Always has been.
He got started a little early Tuesday at Dodger Stadium, where he crushed a three-run home run to center field in the third inning in an 8-4 victory over the Los Angeles Dodgers. The victory kept the Phillies three games behind the Atlanta Braves in the National League East and maintained their 1 1/2-game lead over the San Francisco Giants in the NL Wild Card race.
Howard's homer came on the last day of August, but Phillies bullpen coach Mick Billmeyer made an interesting observation to Howard that it also came about an hour before the clocks turned to September in Philadelphia, which is three hours ahead of Los Angeles.
Not quite September, but pretty close.
In 162 regular-season games in September and October in his career, Howard has hit .314 with 52 homers and 141 RBIs. Howard's next best month is July, but he makes July look like a slump. His batting average is 19 points higher in September (.314) than July (.295). His on-base percentage is 32 points higher (.426 to .394), his slugging percentage is 98 points higher (.686 to .588) and his on-base-plus-slugging percentage is 129 points higher (1.112 to .983).
"I don't know. There's the saying the season is a marathon," said Howard, trying to explain his September success. "You want to try to be strong at the end of the race, and kick it in during the home stretch."
Howard has been searching for his swing since he missed 16 games because of a stint on the disabled list with a sprained left ankle. He had hit .108 (4-for-37) with one RBI, one walk and 16 strikeouts before he crushed a 1-0 fastball from Dodgers reliever Ramon Troncoso into the stands. It was Howard's first home run and extra-base hit since July 27.
"The ball with my bat," Howard joked.
But what did he hope clicked looking forward?
"I felt like I've had some good at-bats and good swings over the last five, six games," Howard said. "I've just been hitting balls right at people. I was able to just get one, connect and get it over everybody I guess."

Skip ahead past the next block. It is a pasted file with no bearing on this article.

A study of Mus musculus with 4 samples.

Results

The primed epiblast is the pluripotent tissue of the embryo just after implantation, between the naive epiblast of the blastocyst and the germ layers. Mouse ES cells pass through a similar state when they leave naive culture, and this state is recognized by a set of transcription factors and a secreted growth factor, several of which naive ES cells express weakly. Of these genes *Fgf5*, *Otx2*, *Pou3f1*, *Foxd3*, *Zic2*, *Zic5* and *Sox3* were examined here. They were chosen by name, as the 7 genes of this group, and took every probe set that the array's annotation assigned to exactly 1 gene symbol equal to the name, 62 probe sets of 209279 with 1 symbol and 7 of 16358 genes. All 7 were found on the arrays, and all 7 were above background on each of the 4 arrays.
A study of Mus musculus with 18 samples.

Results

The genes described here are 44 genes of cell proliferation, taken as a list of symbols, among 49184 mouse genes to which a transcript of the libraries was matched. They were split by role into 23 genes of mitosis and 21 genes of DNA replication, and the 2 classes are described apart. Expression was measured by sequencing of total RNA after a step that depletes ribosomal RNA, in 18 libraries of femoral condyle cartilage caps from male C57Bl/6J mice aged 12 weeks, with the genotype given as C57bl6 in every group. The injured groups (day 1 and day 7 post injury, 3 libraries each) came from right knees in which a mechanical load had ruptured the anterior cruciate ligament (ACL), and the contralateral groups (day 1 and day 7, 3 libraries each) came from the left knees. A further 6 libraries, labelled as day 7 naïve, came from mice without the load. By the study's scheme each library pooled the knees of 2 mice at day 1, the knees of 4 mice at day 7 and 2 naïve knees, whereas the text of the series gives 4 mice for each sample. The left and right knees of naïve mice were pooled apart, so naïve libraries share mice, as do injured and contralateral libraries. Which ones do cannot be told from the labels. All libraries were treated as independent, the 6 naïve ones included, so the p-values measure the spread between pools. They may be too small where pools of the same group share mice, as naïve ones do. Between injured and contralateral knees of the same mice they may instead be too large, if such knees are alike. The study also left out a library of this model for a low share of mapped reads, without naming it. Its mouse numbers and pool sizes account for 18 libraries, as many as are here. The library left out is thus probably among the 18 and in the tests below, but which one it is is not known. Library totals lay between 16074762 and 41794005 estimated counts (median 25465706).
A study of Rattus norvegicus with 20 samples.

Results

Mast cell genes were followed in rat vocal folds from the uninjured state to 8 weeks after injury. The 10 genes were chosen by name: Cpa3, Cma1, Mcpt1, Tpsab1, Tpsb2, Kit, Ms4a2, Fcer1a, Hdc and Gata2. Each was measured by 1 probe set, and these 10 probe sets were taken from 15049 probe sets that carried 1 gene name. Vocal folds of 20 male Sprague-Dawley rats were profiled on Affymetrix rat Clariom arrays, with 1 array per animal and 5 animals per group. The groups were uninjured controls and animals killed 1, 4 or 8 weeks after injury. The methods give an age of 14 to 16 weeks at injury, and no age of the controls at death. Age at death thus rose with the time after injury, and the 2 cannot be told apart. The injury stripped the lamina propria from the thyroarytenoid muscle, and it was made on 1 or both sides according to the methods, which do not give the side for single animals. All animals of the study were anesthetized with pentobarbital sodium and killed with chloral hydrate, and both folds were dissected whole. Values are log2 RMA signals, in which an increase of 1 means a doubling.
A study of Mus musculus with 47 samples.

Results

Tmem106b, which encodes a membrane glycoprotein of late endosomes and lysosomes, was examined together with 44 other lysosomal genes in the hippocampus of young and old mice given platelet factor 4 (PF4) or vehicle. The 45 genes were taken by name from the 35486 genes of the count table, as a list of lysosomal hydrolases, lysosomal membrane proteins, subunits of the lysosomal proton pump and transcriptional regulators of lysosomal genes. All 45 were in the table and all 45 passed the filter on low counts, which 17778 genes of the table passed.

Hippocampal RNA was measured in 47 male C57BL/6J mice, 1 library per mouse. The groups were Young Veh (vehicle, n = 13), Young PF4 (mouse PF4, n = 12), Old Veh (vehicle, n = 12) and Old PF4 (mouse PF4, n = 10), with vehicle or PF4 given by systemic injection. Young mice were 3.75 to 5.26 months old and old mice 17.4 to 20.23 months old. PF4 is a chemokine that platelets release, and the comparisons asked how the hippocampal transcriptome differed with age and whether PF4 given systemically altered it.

"It looked like the ball was a little bit away from him and he drove it," Phillies manager Charlie Manuel said. "That's good to see. He's got to get going. We need him to get going."
Howard wasn't alone Tuesday. Brian Schneider hit a three-run home run to right field -- it had a slight resemblance to Matt Stairs' towering home run in Game 4 of the 2008 NL Championship Series -- and Carlos Ruiz hit a two-out, pinch-hit single with the bases loaded against Dodgers right-hander Jonathan Broxton to score two runs to give the Phillies an 8-4 lead.
Ruiz is 4-for-4 with three doubles and six RBIs in his career against Broxton.
"He got behind 2-0 with the bases loaded," Ruiz said. "I told myself I had to be ready for the fastball. Don't miss it. I put a good swing on it, and got a hit."
Phillies right-hander Kyle Kendrick allowed seven hits and four runs in five innings. He has a 6.41 ERA in his last five starts. He had a 1.86 ERA in three starts before that.
"It's just pitch location," Kendrick said. "When I'm missing I'm missing up and down the middle."
"That's about what he gives you," Manuel said. "If he gives you seven innings, that's real good for him."
But Tuesday must have been an encouraging sign for the offense. The Phillies hit two three-run home runs in a game for the first time since June 29 in Cincinnati, when Schneider and Wilson Valdez accomplished the feat. Chase Utley went 2-for-4. He had hit .184 (9-for-49) with two doubles and four RBIs in his first 13 games since being activated from the disabled list following surgery to repair a torn ligament in his right thumb.
The key for Howard and Utley is getting their timing back.
But at least Howard has history on his side. He hopes September started early Tuesday.
Todd Zolecki is a reporter for MLB.com. This story was not subject to the approval of Major League Baseball or its clubs.